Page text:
Peer-to-peer fundraising events — for example, walks and runs — have become one of the most common ways for nonprofits to raise money. But are you doing all you can to maximize and safeguard those funds?
Tap Existing Relationships
Peer-to-peer fundraising is often an attractive option for resource-strapped organizations. As opposed to traditional fundraising, which requires you to invest heavily in building relationships with donors, peer-to-peer events let you tap the existing relationships of participants. Instead of relying on staff to get the word out about your organization, you can deploy an enthusiastic battalion of true believers to spread your message and create awareness.
But it’s important to remember that awareness isn’t the end goal — fundraising is. A study by Blackbaud, a software and service provider for nonprofits, found that peer-to-peer event participants see participation and fundraising as separate tasks.
According to Blackbaud, these events are frequently marketed as awareness events, with the fundraising aspect only implied. It’s not unusual, then, for a participant to sign up for a 10K run, pay the registration fee and not pursue fundraising at all.
Goals Lead the Way
One of the most effective ways to encourage fundraising by participants is to set goals. Blackbaud found that 80% of survey respondents who set a goal raised that amount or more. And participants who are working toward a team goal generally raise more than if they’re fundraising on their own. Goals also make it easier for an organization to implement metrics and analyze financial performance during and after an event.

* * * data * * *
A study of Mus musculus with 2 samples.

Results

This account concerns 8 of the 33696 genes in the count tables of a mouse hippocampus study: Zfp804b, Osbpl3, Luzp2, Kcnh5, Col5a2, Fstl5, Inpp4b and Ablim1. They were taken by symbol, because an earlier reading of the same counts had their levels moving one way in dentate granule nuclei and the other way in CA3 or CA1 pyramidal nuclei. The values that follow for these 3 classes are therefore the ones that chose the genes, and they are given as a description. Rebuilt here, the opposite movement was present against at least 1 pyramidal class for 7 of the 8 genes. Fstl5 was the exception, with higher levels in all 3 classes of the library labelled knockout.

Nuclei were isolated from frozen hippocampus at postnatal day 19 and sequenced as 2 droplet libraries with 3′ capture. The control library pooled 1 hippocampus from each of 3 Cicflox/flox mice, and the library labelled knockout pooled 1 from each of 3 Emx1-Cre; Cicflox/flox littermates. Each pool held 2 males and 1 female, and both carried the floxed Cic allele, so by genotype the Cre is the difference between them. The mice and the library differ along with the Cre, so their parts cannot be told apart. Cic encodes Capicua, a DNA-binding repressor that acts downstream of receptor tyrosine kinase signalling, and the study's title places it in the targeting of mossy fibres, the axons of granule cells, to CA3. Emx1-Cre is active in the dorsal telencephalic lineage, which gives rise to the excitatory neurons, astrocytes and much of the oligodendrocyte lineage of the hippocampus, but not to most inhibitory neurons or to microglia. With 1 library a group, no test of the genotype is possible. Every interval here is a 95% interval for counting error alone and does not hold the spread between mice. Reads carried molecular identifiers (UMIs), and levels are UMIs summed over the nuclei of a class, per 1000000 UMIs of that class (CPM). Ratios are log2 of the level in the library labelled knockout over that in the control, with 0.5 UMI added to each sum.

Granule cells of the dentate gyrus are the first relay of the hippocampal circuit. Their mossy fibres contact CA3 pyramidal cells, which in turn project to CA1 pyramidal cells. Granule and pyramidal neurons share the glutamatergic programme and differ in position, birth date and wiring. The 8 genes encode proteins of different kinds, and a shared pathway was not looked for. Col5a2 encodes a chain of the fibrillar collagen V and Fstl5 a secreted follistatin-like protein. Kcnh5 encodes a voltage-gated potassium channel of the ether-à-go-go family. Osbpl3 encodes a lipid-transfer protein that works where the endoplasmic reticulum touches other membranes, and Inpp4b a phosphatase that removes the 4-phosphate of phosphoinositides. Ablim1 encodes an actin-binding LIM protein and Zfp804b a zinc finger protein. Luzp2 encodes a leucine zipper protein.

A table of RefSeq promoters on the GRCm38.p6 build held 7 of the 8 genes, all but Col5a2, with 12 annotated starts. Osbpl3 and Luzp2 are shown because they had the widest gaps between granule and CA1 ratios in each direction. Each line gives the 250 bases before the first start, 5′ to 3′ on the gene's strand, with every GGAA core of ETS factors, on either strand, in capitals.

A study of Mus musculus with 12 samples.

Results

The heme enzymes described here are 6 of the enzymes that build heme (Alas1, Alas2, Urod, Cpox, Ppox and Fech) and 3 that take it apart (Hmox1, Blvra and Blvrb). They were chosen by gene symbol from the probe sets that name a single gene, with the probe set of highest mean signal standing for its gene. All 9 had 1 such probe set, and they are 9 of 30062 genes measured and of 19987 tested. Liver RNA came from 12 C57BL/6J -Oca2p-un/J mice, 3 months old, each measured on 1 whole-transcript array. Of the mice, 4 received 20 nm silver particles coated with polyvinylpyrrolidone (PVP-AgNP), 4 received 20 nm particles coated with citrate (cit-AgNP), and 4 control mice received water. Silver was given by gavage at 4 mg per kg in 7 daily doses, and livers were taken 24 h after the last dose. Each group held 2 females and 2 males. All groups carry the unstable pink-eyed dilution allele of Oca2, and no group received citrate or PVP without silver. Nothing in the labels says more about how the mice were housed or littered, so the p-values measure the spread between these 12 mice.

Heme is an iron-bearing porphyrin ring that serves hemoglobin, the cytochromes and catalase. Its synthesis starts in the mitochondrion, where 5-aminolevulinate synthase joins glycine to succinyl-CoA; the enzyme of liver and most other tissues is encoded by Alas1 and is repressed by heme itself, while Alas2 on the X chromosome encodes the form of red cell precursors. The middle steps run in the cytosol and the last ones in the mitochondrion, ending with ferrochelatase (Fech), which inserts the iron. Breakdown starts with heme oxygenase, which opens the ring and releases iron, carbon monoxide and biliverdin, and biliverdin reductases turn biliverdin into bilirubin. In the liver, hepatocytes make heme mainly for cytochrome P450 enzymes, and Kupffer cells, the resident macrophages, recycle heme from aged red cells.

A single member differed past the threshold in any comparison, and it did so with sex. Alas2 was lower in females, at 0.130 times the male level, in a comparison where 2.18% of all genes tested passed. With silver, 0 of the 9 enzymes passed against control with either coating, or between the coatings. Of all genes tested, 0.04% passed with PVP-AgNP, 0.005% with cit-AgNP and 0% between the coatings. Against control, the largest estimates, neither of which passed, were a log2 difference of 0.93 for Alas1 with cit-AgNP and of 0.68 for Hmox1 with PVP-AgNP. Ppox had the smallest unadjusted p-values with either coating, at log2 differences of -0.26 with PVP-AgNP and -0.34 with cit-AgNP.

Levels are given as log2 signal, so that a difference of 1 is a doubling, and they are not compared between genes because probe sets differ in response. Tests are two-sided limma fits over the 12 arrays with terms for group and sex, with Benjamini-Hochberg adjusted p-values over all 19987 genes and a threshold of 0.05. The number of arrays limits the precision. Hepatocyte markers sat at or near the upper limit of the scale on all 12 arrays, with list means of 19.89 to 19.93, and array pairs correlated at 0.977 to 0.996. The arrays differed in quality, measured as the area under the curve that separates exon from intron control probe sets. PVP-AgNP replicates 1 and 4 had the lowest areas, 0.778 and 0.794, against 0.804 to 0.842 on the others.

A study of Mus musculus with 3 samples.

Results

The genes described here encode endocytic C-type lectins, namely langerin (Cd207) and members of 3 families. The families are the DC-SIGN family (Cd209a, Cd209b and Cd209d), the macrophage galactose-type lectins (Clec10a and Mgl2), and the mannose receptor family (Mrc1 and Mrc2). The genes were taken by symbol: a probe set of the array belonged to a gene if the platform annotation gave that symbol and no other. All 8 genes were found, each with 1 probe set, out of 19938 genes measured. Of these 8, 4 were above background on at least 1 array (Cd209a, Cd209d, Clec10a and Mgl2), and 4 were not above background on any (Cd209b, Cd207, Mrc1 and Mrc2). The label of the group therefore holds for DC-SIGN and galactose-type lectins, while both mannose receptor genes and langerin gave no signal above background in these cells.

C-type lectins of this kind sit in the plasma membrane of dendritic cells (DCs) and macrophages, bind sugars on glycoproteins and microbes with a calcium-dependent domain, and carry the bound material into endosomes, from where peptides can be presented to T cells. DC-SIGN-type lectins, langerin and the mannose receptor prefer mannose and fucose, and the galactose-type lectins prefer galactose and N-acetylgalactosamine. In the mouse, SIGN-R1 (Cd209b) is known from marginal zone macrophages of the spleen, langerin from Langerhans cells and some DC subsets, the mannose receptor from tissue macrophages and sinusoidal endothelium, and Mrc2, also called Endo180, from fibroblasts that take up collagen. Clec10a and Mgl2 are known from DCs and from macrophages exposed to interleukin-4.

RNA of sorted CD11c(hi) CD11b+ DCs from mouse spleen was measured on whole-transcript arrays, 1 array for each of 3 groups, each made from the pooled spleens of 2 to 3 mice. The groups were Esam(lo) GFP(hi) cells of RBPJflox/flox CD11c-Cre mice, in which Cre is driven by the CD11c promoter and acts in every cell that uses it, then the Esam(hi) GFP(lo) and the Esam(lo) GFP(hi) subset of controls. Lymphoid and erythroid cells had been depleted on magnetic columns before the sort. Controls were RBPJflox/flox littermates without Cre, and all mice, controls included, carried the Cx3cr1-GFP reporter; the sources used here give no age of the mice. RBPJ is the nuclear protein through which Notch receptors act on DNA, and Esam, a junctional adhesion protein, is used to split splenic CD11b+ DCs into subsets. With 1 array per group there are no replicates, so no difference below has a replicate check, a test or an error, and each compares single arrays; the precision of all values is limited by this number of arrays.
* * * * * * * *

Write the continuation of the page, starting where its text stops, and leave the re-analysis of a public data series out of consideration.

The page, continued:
Establish goals at the outset, in the initial materials sent to participants and with online fundraising tools (where both participants and their donors can see goals). Feature the top fundraisers on the event’s website and in posts on your social media accounts, and offer low-cost prizes like T-shirts.
Avoid setting goals too high, though. It’s best to set lower, achievable goals. Not only will your participants be less likely to become frustrated, but smaller donors will be more likely to feel as if they’re making a difference.
Also be aware that, if participation in an event requires meeting a fundraising minimum, a participant might cover the whole amount, rather than actually engage in fundraising that could attract new donors. So while success is usually measured based on the total amount a participant raises, also consider the number of donations a participant generates.
Controls are Crucial
By definition, fundraising involves the handling of funds, which presents the opportunity for fraudulent misappropriation and simple accounting errors by nonprofessionals. Nonprofits, therefore, need to implement appropriate controls from the outset.
The good news is that the use of social media to drive peer-to-peer fundraising means that monies are typically submitted through the Internet, as opposed to the not-so-distant past when participants would collect cash and checks. As with any online transaction, you’ll need effective controls to protect credit card data and personal information and prevent fraud, including firewalls, encryption and similar protections.
Help them Help You
Although peer-to-peer participants shoulder much of the burden with these events, it’s up to your nonprofit to provide appropriate support. Make it as easy as possible — but also as secure as necessary — for them to drum up support.
Looking for assistance with fundraising? For additional information on our nonprofit services, please contact Jon Moll, CPA at 302.225.0600 or click here to email Jon. In a brief consultation he can assess your situation and determine the best way to proceed.